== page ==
There is plenty for the kids to enjoy during your stay at La Merveille. These are just a few of the activities and visits that we can recommend. Click here


December 27th, 2010 by Roger in Saint Malo

If you ask a local where they are from, the reply will be: “Saint-Malo”, then “Brittany”, followed by, “”Well, I’m French.” It’s almost the official slogan of the town. A Gaulish monk formed the town in the 6th century, and the inhabitants had to fortify the town to defend it from the Norman invasions. Stuck inside their “town-fort”, the Malouins chose to ignore most of what was going on nationally throughout the ages with regard to the Brittany/France question, or the international conflicts between France and the rest of the world.

Between 1590 and 1594, Saint-Malo declared itself a republic. This independent spirit has given Brittany a large number of famous figures, adventurers, sailors, and writers. Jacques Cartier the “discoverer” of Quebec, took the local architecture to the Canadian province. The town became prosperous thanks to the feats of its explorers, such as Duguay-Trouin, Surcouf, and others. Chateaubriand, who is buried not far from the ramparts, made his hometown famous on the artistic level; he is widely acknowledged as the father of literary romanticism.

It was only in the Second World War that Saint-Malo suffered its first real defeat, being totally destroyed by bombing and fire in 1944. However, the Malouins proved their tenacity once again, and simply rebuilt the town, stone by stone, once the war was over. It was practically identical once they’d finished. So it’s paradoxically a recent town, but very traditional to look at. And the locals are very proud of it. It still resembled a rather austere fortified town, within the ramparts, from which you can get a fine view, maybe making out the king’s ships sailing into port?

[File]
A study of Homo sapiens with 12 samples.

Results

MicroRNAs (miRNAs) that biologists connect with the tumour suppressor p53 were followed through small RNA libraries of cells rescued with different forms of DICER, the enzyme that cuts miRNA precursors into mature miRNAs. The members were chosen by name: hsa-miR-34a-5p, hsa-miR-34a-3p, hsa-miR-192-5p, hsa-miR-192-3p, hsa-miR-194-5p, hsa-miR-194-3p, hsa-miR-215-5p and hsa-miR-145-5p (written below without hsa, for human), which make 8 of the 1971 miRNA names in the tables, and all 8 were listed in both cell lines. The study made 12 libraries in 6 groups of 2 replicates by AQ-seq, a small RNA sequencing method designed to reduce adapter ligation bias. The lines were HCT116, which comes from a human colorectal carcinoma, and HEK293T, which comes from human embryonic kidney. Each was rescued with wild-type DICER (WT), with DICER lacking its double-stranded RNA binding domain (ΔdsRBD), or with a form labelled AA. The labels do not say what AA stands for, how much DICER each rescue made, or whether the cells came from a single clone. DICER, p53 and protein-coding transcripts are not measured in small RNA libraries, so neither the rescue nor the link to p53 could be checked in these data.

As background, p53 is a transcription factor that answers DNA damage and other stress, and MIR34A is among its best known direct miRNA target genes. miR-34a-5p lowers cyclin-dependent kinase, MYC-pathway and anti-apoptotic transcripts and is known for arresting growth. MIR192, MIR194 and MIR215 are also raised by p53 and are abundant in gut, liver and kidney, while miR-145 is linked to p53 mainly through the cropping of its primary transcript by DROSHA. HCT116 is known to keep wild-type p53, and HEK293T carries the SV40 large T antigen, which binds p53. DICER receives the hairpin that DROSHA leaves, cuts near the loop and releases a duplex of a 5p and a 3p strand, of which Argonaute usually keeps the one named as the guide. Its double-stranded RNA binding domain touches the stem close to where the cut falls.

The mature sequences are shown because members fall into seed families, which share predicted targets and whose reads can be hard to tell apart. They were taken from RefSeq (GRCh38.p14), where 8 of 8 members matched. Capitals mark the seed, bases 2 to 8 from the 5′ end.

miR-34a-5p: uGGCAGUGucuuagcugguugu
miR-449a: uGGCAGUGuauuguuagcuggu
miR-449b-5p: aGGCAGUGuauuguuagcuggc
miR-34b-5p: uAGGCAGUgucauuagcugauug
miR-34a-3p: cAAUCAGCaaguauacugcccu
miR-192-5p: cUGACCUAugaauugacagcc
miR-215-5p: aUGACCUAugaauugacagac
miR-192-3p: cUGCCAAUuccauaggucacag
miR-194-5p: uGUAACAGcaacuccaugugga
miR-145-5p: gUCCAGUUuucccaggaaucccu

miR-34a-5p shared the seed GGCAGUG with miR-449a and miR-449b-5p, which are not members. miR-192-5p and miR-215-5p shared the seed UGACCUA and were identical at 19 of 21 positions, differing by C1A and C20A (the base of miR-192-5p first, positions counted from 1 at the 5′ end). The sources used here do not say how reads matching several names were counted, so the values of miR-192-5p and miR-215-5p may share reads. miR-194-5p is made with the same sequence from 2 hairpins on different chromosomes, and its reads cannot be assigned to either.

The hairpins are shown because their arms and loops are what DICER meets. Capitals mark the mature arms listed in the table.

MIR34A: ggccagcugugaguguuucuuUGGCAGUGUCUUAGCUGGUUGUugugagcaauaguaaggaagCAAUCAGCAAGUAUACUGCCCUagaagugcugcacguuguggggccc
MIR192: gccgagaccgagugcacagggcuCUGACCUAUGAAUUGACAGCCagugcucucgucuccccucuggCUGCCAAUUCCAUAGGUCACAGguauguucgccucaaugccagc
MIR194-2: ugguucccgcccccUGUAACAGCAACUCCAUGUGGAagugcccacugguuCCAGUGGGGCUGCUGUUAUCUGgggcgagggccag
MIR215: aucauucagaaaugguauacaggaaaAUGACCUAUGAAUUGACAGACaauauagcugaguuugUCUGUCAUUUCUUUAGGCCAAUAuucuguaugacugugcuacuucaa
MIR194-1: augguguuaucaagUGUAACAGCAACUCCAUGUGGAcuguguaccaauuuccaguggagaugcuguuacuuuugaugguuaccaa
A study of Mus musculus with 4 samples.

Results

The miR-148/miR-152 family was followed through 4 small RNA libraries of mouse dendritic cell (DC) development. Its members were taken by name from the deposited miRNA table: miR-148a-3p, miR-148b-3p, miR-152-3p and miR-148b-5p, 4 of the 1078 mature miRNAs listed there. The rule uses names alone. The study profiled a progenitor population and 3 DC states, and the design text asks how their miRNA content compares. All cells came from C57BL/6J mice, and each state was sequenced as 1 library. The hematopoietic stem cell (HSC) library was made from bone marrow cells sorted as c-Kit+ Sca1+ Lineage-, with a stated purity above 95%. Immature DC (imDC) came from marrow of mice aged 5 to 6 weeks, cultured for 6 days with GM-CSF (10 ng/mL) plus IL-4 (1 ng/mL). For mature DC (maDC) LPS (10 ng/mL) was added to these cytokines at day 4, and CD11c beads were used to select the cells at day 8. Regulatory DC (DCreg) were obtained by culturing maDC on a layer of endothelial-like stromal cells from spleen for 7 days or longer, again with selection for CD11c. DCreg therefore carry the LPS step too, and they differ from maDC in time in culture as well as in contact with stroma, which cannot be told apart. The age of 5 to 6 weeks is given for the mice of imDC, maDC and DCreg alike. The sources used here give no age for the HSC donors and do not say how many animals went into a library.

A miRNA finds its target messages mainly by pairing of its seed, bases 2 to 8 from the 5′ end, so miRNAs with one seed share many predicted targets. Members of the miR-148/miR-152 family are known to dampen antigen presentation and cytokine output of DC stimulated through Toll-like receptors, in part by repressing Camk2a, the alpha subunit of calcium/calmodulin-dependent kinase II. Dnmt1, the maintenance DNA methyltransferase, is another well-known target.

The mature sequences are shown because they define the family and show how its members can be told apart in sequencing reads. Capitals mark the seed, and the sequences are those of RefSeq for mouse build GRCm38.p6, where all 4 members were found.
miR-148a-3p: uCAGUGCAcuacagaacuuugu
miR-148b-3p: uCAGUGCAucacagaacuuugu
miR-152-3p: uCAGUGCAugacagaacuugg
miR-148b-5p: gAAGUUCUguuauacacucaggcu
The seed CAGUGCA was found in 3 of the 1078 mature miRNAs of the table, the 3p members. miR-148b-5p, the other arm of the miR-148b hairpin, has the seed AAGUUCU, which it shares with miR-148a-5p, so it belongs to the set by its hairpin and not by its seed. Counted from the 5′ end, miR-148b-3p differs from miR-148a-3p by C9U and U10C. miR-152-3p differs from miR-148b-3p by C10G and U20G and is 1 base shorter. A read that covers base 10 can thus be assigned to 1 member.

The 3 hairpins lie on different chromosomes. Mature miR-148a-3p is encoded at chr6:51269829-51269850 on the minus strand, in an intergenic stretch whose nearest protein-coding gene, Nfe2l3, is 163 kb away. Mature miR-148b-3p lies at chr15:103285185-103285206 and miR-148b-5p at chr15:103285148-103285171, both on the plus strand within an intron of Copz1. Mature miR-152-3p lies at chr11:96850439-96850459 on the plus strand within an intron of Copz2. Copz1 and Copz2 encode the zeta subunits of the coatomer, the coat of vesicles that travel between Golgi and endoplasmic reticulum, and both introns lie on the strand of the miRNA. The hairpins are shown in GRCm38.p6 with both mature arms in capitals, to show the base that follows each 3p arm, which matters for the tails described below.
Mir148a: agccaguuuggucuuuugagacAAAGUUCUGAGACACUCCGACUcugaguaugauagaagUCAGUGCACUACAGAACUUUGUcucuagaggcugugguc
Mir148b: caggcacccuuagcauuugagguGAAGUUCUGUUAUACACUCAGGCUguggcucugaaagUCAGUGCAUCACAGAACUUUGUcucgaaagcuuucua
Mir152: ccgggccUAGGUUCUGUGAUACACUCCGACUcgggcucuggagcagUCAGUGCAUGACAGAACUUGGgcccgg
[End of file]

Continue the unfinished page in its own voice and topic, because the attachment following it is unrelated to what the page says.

On a recent visit to the town I explored the shops and houses inside the old walled town. There were so many welcome surprises with some splendid shops selling all that Brittany has to offer.  The cafés and restaurants suit every taste. When you need to relax for a while,  just mount the ramparts and look out to sea and admire the view. It really makes for a most wonderful day out.

 

Saint-Malo is also a major ferry port, for destinations such as England and Ireland. It has a long beach, numerous off-lying islands, a fine castle, and a beautiful centre of town. It’s one of the most visited towns in Brittany, and its doors are wide open to you!